Eurobites: Ofcom Appeals for 5G Input

Also in today's EMEA regional roundup: Liberty Global hikes European prices; TeliaSonera sounds warning; UK and US play cyber war games.

  • UK regulator Ofcom has launched a consultation on 5G, asking those with a vested interest in the development of the technology for their input so that the regulator can "better understand the advantages and disadvantages of different bands above 6 GHz." (See Eurobites: 5G Consortium Sets Out Its Vision, 5G by 2020: Too Much, Too Soon? and EE: The Road to 5G.)

  • Liberty Global Inc. (Nasdaq: LBTY) is raising its prices across its European footprint and raising consumers' hackles in the process, according to a Broadband TV News report. Subscriptions to Ziggo B.V. , its Dutch unit, are going up by between 1.5% and 6.4% on March 1; in the UK, Virgin Media Inc. (Nasdaq: VMED) is increasing its landline and bundle charges by between ₤1 and ₤4.50 a month; and in Belgium Telenet customers protested against average price rises of 5% announced before Christmas. (See Eurobites: Liberty Merges Euro Operations.)

  • Cable group Altice is going cap in hand to creditors to raise funding for its planned acquisition of Portuguese telecoms assets from Brazilian operator Oi, according to this report from Reuters. Rival bids from private equity players Apax Partners and Bain Capital forced Altice to increase its offer in December, and the company now finds itself having to borrow heavily to fund the deal.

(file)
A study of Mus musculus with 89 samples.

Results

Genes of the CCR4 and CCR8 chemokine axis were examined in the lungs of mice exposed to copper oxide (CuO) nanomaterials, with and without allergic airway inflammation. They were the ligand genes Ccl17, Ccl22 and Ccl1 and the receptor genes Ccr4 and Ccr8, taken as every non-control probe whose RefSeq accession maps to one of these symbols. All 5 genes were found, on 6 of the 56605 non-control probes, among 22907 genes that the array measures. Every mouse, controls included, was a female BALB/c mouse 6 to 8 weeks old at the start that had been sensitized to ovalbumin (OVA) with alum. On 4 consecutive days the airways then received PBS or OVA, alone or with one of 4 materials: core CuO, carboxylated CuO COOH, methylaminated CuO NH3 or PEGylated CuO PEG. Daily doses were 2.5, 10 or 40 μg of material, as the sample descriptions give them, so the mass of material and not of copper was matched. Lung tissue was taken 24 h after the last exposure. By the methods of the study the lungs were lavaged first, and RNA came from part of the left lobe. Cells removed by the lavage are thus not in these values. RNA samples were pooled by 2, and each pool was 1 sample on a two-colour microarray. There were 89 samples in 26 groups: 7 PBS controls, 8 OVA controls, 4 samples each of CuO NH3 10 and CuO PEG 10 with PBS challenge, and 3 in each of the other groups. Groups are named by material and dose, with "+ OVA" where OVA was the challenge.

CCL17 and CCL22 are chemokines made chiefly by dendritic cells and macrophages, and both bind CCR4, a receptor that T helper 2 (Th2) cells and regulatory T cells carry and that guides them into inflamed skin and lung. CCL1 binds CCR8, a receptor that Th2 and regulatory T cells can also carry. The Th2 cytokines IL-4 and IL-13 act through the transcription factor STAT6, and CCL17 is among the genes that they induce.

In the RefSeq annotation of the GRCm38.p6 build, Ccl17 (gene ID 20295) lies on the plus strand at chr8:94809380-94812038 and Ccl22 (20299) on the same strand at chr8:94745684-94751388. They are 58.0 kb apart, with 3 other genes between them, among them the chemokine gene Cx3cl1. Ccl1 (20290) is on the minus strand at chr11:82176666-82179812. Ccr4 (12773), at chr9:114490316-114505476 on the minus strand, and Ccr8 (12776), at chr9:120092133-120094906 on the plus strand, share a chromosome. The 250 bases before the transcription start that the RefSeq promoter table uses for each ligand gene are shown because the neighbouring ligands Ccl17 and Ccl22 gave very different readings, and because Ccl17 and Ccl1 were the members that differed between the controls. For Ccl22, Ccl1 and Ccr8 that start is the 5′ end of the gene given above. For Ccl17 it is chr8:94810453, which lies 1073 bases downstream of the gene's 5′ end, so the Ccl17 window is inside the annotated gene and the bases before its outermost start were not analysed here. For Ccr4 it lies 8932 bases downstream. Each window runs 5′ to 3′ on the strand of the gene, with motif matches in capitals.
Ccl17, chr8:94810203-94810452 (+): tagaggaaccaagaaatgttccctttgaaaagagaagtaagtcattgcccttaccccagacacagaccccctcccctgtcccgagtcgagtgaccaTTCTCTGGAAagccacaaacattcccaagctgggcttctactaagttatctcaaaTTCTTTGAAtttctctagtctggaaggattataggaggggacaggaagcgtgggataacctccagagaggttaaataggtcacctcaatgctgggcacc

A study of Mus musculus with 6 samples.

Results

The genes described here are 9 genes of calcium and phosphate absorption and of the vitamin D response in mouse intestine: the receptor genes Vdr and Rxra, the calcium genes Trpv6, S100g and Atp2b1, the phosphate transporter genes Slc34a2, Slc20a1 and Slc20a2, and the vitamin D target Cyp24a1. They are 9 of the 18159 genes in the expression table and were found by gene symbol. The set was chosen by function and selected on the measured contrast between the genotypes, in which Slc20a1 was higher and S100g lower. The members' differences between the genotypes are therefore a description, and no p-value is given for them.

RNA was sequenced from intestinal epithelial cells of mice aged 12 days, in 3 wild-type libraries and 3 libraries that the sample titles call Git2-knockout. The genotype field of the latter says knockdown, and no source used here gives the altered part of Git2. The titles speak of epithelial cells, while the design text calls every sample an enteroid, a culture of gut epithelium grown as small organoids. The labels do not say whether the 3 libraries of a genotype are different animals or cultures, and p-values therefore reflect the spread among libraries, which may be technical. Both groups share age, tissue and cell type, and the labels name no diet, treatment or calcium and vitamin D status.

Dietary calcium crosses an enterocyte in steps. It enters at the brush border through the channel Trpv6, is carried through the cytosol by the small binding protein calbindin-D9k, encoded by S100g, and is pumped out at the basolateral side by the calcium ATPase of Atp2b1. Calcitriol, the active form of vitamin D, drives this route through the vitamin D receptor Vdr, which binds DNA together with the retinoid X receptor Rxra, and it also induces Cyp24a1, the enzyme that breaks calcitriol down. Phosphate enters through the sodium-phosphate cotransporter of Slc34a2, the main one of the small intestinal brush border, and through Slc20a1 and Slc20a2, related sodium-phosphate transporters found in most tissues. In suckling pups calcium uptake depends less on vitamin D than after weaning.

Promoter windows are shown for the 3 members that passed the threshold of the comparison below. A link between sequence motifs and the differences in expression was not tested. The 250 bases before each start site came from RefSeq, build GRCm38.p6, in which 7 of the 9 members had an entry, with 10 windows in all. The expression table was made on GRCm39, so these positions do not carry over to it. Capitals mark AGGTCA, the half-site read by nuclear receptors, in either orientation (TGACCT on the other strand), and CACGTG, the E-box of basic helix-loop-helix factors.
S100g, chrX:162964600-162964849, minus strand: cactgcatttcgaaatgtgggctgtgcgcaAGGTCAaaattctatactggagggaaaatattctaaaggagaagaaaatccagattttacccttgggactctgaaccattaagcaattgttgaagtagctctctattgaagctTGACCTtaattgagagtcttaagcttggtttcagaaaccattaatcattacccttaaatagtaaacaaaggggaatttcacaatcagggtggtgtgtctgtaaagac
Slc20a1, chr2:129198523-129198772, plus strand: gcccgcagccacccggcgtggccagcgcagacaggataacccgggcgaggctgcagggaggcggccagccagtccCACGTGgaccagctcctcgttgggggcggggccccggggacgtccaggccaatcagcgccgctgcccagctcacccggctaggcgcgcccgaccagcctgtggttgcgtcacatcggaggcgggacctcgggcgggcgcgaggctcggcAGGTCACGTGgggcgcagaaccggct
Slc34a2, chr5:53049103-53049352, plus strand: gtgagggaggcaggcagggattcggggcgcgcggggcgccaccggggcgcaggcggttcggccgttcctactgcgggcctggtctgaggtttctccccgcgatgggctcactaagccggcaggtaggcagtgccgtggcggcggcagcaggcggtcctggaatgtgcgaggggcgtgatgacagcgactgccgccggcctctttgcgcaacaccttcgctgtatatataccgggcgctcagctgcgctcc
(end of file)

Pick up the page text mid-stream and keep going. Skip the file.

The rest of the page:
• Nordic operator Telia Company has sounded the alert that its full-year earnings, to be released on January 29, will be dented by non-recurring items worth 2.23 billion Swedish kronor (US$274 million) and related to goodwill and other fixed assets in Tajikistan, Georgia and Moldova.

  • UK triple-play provider Sky has turned to a SIP-based customer experience platform from British firm Genesys to handle the 150,000-plus calls made to its contact centers each day.

  • The UK government is planning to hook up with the US to stage some "war game" cyber attacks on a range of potential targets on both sides of the Atlantic, including the Bank of England, the City of London and Wall Street, reports the BBC. The announcement comes following talks held between UK Prime Minister David Cameron and President Obama. Cameron caused controversy earlier this week when, referring to cyber attacks, he said that there should be no "means of communication" that "we cannot read."

  • French regulator Arcep has a new chairman in the shape of Sébastien Soriano, a qualified chief engineer with a background in competition and telecom regulation. His stated mission: to begin a "new cycle" of telecom regulation. Uh-oh.

  • Russian operator Rostelecom is to acquire a controlling stake in data center firm SafeData, reports Reuters.

    — Paul Rainford, Assistant Editor, Europe, Light Reading

  • kq4ym 1/19/2015 | 9:41:00 AM
    Cybergames No means of communication we can't read. That's going to be a sticky point for U.S. residents I'm sure. While Britain doesn't seem to get all that upset about privacy issues (cameras on street corners there) throwing in a "cyberwar" game aspect might be a way to get the U.S. eased into expecting no privacy in the guise of national security and preparation for foiling foreign terrorists?